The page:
A Bosnian Winter Night by Jozefina Cutura
Uncle Spaso’s dog Sila waded through the snow ahead of us. She would disappear for a while, only to emerge again right in front of us, happily wagging her tail. Uncle Spaso said the dog liked to roam around the mountains freely and had crossed this route many times, but I was afraid she’d lose her way in the knee-high snow and would be forever gone.
It was the winter of 1992, and I was visiting relatives in the village during the school break. That night my uncle and I were climbing Dobro Mountain to attend a saint’s day feast at a relative’s house. The temperature had dropped to minus 30 degrees Celsius. The snow was falling, and all around us fir and oak trees were covered in white. I held my frozen nose and ears with my gloves to thaw them. My eager eyes were on Sila the whole time. When she disappeared once again, I stared hopefully at the whiteness ahead, looking for a black dot in the distance.
We arrived at the house dog-less, and though I was worried about Sila, I couldn’t wait to shake off the icicles that had formed on my clothes. The house, built before most of the family migrated to town or to the village on the bottom of the mountain, was warm and filled with relatives and neighbors in hand-knitted woolen sweaters. The dining table was so packed with roasted pig meat, stuffed peppers, cabbage salad, and pies that it seemed dangerously close to collapsing. After the prayers, the guests eagerly attacked the food, while the women circled around to refill the glasses.
I sat in the corner and stuffed myself with smoked ham. After a while, the toothless grandmothers and aunts with bad breath who kept pinching my cheeks and asking me about life in town were too much to bear. I fled to an empty bedroom, in which I found a book about the lives and deaths of Orthodox saints. I read for a while, but the stories of the saints’ suffering and martyrdom made me scared of being alone. I closed the dusty book and went out. A drunken relative intercepted me as I tried to make my way back to the table. He shoved a shot of rakija into my hand. “This will heat you up,” he said and shimmied away to the middle of the room where several men had formed a circle and were dancing the kolo. I downed the shot in one gulp. It was the first time I’d tasted alcohol, and I shakily ducked the dancing men to return to my chair.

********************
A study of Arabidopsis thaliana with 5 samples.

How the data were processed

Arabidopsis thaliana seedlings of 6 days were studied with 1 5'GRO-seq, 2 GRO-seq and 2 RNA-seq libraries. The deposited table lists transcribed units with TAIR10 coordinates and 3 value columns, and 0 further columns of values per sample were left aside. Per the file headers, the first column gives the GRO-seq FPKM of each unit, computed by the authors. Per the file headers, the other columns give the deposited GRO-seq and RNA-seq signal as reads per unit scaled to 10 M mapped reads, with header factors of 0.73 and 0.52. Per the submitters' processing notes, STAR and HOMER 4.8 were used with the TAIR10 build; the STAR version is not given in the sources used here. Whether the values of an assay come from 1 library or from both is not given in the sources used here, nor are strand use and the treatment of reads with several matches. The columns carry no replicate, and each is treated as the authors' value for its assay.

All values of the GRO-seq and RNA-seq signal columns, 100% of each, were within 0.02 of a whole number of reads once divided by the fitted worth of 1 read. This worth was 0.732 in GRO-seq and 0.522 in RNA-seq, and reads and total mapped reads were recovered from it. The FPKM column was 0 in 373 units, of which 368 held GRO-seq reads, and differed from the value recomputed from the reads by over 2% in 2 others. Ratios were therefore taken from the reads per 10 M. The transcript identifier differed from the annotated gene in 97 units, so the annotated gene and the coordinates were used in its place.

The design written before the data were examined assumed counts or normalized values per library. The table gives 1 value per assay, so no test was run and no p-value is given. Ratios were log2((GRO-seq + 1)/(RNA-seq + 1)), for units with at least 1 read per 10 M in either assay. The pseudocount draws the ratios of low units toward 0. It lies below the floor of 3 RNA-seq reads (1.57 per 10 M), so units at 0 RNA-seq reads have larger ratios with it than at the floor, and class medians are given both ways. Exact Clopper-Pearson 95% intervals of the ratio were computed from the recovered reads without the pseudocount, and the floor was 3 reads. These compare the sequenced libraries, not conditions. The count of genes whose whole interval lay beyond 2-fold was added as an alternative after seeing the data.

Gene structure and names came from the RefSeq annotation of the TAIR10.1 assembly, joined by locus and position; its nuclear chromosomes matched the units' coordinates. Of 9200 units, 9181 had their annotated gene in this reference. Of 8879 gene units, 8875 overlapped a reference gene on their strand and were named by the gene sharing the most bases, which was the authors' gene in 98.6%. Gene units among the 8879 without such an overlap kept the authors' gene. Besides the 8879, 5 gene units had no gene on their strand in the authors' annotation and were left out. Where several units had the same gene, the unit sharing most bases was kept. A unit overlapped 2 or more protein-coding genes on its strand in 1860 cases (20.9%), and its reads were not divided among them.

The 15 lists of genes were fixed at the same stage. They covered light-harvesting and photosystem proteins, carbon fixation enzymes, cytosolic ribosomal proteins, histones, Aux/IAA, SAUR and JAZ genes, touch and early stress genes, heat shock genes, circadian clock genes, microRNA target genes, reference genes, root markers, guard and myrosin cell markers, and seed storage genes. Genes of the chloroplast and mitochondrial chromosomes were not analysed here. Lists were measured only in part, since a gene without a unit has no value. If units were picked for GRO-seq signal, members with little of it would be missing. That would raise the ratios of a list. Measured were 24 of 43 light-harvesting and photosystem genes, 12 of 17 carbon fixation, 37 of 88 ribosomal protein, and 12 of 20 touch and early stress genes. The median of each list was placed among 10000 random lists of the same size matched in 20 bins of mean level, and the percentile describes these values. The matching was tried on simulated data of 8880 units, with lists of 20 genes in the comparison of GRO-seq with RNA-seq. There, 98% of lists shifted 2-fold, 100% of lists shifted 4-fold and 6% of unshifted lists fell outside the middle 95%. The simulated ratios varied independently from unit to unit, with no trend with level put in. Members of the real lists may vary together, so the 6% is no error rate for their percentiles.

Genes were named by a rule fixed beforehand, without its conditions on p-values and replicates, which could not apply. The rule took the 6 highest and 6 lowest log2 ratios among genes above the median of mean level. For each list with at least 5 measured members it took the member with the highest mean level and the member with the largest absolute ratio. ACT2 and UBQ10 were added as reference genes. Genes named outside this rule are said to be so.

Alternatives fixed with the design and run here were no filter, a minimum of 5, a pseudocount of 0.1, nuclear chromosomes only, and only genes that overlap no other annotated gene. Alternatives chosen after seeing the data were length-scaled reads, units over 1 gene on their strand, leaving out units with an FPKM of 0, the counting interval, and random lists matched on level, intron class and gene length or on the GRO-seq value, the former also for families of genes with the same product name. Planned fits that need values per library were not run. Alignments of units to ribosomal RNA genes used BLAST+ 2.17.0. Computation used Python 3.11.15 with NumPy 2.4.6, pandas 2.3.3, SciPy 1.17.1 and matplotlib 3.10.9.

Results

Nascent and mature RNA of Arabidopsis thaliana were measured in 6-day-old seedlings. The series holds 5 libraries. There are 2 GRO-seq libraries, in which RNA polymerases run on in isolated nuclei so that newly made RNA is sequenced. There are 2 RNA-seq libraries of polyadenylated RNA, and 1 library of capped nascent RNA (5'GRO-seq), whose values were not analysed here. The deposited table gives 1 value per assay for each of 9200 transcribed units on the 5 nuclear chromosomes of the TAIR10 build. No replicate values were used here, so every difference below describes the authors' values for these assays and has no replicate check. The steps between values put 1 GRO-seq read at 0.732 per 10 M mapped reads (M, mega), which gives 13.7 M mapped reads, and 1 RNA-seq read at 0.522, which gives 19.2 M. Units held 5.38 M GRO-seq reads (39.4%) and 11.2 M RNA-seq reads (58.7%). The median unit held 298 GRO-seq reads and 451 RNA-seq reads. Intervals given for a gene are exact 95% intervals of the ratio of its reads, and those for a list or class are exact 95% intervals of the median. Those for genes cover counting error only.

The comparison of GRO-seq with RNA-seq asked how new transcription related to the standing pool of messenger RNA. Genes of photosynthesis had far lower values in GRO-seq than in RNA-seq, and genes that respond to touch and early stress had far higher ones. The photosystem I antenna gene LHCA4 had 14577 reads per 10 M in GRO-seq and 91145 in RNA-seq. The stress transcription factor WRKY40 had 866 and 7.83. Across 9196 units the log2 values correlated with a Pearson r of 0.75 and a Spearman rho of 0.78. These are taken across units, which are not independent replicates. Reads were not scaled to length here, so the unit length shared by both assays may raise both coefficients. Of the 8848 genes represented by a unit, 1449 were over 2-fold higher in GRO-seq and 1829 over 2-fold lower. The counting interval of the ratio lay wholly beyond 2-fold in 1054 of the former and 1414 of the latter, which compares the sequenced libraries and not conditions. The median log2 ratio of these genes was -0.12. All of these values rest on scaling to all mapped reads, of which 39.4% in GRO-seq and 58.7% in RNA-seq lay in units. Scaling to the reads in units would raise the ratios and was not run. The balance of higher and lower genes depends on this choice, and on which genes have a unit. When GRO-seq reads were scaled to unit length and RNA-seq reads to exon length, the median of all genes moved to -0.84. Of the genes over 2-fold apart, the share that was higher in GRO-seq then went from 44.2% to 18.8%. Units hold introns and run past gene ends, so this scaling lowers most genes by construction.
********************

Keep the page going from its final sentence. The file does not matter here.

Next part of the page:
Later that night, Uncle Spaso and I headed back to his village. We kept an eye out for the dog. “She knows how to get back. Don’t worry,” Uncle Spaso said. “Maybe she already got back home on her own.” As we climbed down the mountain, I slipped and fell a few times into the snow. I kept calling out Sila’s name, but the dog never appeared. When we arrived at Uncle Spaso’s house, the dog wasn’t there either. As soon as I woke up the next morning, I ran to the kitchen and asked the women if Sila was back. She wasn’t.
I looked out for the dog while sledding down the hill, and when I went out to the stables to milk the cows with the women. When I left the village a couple of days later, Sila was still missing. I was supposed to come back for a visit the following winter, but I never saw Sila or any of my relatives in the village again, for later that year the war started, and several of the aunts and uncles died and the rest of the family dispersed all around Bosnia. The house on the top of the mountain burned down, after being set on fire by a neighbor. I took comfort in the hope that the dog might have escaped the sad sight of all that.
As a native of Bosnia-Herzegovina who fled the country during the civil war, Jozefina Cutura has drawn on personal experiences and observations of Bosnian refugees in writing this story. The story is part of a collection that focuses on the lives of Bosnian immigrants. Her work has been published in Insolent Rudder, Inscribed, and is forthcoming in Paradigm. She holds degrees from Stanford and Harvard University and currently works with the World Bank.